Bed of Nails

Laying in bed at night is often a fun experience. If the shooting pains have subsided long enough to get to sleep, then there is the never being a comfortable feeling to deal with and the game that I call the Indy 500. In the Indy 500, just about every obscure muscle in your body will twitch just to let you know that it is there. Now, this is not all at the same time, a muscle in my arm may twitch, then one in my left, followed by my side, groin, toe, head, lips, back, buttocks, and feet, then start all over again. Often it is a different muscle each time and in places, you never even thought of having muscles. Yeah, I know that we have muscles all over the body, but these are twitches are in places that you often don’t have control over, like try to twitch the muscle in your forearm, about six inches down from your elbow. Now only move about a one-inch segment of the muscle, and don’t move your fingers or biceps to make it move. Pretty strange huh?

Besides the pain the spastic muscles and the uncertainty of what’s going to happen next, I’d have to say for me the worst side effect would have to be the emotions. I was raised in a family where my father (or at least the person who provided the sperm, because he was not much of a father) where the children were to be seen and not heard. My father was a firm believer that children were to be his servants and do his bidding. One thing that was not well tolerated in that house was crying, especially for boys. My brother and I were chastised, to say the least for showing emotion, and crying was not allowed. My emotions will run the gambit of crying one second (and I very seldom cry) to being so pissed off that I want to explode a second later, to being even-keeled the next second. Being raised in a very strict family, boys were not allowed to cry. I got ridiculed when I was about six years old for crying at my grandmother’s funeral. And again a few years later at my grandfather’s funeral. My father who, turned out to be the biggest prick I have ever met, would verbally abuse us, kids, from the time we got up to the time we went to bed. So I became hard and learned not to cry. But now as an adult who spent 10 years in the Marine Corps, I have caught myself crying for the strangest reasons.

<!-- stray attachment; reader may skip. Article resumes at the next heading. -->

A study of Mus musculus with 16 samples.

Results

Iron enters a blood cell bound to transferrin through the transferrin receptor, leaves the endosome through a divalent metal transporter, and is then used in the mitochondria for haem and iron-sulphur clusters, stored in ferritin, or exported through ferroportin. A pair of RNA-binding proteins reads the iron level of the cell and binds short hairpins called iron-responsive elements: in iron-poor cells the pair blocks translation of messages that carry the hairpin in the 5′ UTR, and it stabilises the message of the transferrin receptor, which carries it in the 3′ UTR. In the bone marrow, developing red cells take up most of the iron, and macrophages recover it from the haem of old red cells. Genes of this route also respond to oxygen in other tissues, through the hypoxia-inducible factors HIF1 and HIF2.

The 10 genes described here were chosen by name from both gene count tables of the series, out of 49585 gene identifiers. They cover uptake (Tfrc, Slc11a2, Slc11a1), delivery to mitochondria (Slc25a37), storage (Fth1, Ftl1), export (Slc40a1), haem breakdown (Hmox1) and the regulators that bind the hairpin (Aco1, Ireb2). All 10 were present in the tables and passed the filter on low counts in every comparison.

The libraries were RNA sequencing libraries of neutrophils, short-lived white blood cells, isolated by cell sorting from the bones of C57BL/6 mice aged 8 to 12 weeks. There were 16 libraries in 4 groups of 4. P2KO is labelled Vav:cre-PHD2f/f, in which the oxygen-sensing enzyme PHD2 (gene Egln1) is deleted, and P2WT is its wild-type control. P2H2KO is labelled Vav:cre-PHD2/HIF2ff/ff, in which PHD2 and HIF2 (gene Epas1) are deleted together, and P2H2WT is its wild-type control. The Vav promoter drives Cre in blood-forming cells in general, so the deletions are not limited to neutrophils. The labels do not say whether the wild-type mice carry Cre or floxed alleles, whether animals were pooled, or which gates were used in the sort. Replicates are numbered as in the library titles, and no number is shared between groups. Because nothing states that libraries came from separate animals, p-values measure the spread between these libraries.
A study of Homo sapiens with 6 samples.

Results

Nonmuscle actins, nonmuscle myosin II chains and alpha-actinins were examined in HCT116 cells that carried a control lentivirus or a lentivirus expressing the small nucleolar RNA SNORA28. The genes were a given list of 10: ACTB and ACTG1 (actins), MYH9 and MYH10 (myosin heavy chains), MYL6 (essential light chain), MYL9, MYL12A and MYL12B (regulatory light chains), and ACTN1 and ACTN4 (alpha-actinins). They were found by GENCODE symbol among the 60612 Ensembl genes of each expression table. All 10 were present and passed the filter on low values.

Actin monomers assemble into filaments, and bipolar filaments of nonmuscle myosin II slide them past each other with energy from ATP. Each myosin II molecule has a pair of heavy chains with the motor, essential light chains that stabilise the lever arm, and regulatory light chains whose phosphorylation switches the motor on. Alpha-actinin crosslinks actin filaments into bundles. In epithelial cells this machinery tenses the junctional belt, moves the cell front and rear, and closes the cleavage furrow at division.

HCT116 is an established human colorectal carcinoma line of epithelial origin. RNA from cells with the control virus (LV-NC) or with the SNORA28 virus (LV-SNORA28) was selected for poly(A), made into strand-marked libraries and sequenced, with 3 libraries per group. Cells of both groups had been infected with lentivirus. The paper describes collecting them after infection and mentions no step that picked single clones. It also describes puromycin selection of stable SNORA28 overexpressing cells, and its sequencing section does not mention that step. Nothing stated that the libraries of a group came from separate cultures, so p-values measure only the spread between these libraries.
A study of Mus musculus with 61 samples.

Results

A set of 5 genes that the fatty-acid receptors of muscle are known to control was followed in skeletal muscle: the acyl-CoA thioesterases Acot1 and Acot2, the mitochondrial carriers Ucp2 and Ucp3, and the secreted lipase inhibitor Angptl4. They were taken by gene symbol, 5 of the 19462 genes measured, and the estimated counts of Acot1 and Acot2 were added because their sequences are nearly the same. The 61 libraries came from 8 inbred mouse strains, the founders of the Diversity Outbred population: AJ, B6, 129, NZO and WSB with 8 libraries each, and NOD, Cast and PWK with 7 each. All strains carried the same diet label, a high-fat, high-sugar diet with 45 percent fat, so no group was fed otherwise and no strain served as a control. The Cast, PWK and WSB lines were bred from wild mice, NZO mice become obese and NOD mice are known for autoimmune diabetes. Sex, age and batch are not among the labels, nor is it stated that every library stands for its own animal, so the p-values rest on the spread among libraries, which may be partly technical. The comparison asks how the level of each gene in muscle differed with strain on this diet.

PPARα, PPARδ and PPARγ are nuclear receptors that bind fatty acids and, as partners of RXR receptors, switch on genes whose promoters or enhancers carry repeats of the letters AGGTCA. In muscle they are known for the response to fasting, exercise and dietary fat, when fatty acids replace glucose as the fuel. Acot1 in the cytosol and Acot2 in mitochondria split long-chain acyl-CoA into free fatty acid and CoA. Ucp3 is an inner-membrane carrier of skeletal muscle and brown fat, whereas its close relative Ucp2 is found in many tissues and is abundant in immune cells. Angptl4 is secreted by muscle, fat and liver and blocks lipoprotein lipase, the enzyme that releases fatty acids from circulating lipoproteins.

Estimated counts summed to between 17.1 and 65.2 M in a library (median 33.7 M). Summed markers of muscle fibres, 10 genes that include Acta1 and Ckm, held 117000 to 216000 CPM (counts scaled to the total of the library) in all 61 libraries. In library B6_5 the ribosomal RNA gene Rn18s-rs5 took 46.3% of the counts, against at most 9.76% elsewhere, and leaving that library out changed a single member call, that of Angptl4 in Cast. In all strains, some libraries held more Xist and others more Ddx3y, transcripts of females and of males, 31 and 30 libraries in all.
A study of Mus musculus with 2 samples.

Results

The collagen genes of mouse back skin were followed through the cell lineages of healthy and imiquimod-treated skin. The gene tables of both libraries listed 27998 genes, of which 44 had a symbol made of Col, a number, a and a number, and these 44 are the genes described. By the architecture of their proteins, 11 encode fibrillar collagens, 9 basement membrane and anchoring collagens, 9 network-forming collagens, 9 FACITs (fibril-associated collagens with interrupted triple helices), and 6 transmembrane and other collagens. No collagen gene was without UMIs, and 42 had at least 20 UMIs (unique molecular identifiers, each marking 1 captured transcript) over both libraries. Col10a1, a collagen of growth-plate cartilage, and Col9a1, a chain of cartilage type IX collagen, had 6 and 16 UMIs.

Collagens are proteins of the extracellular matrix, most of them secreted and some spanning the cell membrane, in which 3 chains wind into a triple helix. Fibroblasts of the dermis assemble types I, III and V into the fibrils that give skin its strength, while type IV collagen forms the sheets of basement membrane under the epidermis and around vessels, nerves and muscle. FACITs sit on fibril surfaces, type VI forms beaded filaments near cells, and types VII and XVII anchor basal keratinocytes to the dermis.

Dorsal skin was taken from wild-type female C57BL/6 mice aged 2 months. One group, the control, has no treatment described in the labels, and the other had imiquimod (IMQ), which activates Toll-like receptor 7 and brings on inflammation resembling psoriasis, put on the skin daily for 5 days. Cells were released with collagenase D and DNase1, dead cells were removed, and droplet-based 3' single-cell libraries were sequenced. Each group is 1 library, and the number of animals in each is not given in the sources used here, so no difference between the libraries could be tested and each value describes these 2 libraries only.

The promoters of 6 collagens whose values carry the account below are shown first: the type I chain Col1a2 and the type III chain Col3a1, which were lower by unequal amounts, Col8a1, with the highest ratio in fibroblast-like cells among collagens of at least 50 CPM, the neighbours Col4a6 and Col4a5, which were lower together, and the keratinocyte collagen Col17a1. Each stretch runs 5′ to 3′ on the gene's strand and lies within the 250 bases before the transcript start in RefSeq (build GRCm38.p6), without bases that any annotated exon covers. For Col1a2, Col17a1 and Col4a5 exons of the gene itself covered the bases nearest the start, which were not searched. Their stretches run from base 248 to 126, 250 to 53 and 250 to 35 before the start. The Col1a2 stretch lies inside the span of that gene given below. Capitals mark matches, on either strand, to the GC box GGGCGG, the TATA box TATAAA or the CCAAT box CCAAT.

This is my chocolate

Since I have been sick I have cried at just about everything and it happens at a drop of a hat. It’s not just the waterworks that have changed, but I now know what a woman going through PMS feels like at least from the emotional side of things. My moods will swing from the far left to the far right in a second. The smallest things will set me off or make me laugh. They are not violent moods, not even angry moods. I can be at a party with family and friends and laugh and have a great time and then something will happen that would not have an effect on a normal person that will cause me to get short. It lasts for a few minutes in most cases and then it’s back to the mood before. My wife and I would joke at times that it was like PMS including the cravings for yep, you guessed it, chocolate.


  1. MissUnderstood says:

    Laying in bed at night is the worst for me, I just wish I could get away with a stiff nightcap before bed which would hopefully allow me to chill. But we don’t drink much in this house, but it sure would help me at night.

    I so love my chocolate, but I’m a girl and I think we all love our chocolate when it is that time of the month.

    1. Avatar photo IHaveSomeNerve says:

      I feel you on the nightcap. My wife seems to have a problem when I take a drink, which is usually a small glass of Rum & Coke or Bourbon and Coke. But it so relaxes me. Hopefully, someday your spouse will understand.